The militants and their million$

The militants and their million$

PETALING JAYA - Forget ideals and ideology, the militant movement in Iraq and Syria is all about money.

Sitting on a pile of more than US$2bil (S$2.4bil) and having seized one of the largest oil wells in the region, the militants are even selling oil to the very people that they are fighting against.

The Islamic State of Iraq and the Levant (Isil), now renamed the Islamic State, has become the most affluent militant group in the world.

International Islamic University Malaysia (IIUM) political science lecturer Dr Ishtiaq Hossain said Isil is believed to be running a well-oiled cash-churning machine with profit gushing in from a multitude of sectors to keep the expanding operations running.

"Different figures are being quoted over how much Isil currently has, but most sources say the group is worth between one and two billion dollars," he said.

Ishtiaq, however, stressed that the touted finances remained speculative, as concrete evidence of its assets could not be obtained.

Isil, estimated by the international media to have about 10,000 to 15,000 fighters, needs strong financial backing to proceed with its goal of conquering the areas around Iraq and Syria.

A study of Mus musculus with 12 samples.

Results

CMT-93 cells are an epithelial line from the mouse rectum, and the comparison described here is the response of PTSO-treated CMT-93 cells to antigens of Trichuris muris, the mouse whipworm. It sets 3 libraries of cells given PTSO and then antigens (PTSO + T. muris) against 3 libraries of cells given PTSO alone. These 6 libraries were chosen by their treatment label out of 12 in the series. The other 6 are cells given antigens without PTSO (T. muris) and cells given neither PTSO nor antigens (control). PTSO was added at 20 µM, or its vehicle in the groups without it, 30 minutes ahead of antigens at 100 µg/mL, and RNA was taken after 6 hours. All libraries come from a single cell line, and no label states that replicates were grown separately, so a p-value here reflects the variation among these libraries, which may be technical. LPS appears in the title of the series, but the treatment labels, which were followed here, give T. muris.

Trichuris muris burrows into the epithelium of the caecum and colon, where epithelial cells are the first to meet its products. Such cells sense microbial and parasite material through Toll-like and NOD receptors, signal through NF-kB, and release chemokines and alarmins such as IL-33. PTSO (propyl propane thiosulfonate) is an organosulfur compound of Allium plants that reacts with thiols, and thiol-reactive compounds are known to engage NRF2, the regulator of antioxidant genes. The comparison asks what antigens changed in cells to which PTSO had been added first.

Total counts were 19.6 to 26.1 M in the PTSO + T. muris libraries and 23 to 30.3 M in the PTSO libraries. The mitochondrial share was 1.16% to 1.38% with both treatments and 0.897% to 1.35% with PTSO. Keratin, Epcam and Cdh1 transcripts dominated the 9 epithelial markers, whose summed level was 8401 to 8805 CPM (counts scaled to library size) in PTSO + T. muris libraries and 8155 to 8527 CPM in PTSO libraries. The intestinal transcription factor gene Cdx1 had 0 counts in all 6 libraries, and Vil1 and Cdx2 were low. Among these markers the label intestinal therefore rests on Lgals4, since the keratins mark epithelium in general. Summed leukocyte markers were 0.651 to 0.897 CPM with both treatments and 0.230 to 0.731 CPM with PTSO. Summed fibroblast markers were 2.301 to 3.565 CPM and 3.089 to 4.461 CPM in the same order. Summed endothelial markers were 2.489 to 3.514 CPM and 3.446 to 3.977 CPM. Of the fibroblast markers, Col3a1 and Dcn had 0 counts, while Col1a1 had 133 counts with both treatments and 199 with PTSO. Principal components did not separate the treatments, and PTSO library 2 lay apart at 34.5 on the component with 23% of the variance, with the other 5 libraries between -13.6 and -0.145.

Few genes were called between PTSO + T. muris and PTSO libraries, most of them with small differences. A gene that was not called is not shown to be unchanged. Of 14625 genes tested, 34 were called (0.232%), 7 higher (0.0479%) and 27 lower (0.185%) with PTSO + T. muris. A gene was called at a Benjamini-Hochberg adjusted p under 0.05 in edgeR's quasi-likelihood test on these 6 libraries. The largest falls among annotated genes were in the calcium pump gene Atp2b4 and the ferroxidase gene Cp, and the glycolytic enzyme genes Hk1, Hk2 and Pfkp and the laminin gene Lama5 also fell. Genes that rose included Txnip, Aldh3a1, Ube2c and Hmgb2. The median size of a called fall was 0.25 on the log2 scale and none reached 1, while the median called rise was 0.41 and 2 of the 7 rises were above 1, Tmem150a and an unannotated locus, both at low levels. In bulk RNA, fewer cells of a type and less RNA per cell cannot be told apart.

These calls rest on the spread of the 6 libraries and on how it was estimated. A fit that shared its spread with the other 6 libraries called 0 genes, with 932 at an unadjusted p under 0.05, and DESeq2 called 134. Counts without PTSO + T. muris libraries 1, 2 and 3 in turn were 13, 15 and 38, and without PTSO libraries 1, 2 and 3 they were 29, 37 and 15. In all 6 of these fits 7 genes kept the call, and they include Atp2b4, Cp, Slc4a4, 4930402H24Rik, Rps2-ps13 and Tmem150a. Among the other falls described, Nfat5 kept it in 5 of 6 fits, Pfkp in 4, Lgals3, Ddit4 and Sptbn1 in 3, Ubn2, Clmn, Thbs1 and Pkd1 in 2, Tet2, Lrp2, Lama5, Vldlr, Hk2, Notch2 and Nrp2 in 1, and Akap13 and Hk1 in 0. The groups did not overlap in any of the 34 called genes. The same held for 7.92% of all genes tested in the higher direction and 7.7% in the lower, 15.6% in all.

The group is now earning money from oil fields and power plants which it took control in Iraq and Syria.

Ishtiaq said Isil is also alleged to have been receiving funds from private Gulf Arab donors.

Among the largest and most lucrative oil fields under the control of Isil are Iraq's Ujil oil field, in the northern province of Salah al-Din and Syria's al-Omar field in the east of the country, which the militants seized on July 3.

Isil took over the Ujil field last month and is believed to be selling the oil to private buyers, and to the very same Shia-ruling Syrian government that it is fighting to overthrow.

To continue its fight, Isil has gathered a large stock of arms, ammunition and military equipment including United States' armoured vehicles taken as spoils of war from the American-trained Iraqi army.

"Some members of the Iraqi military who abandoned their positions also left Humvees and arms when they withdrew from Mosul and other areas," said Ishtiaq.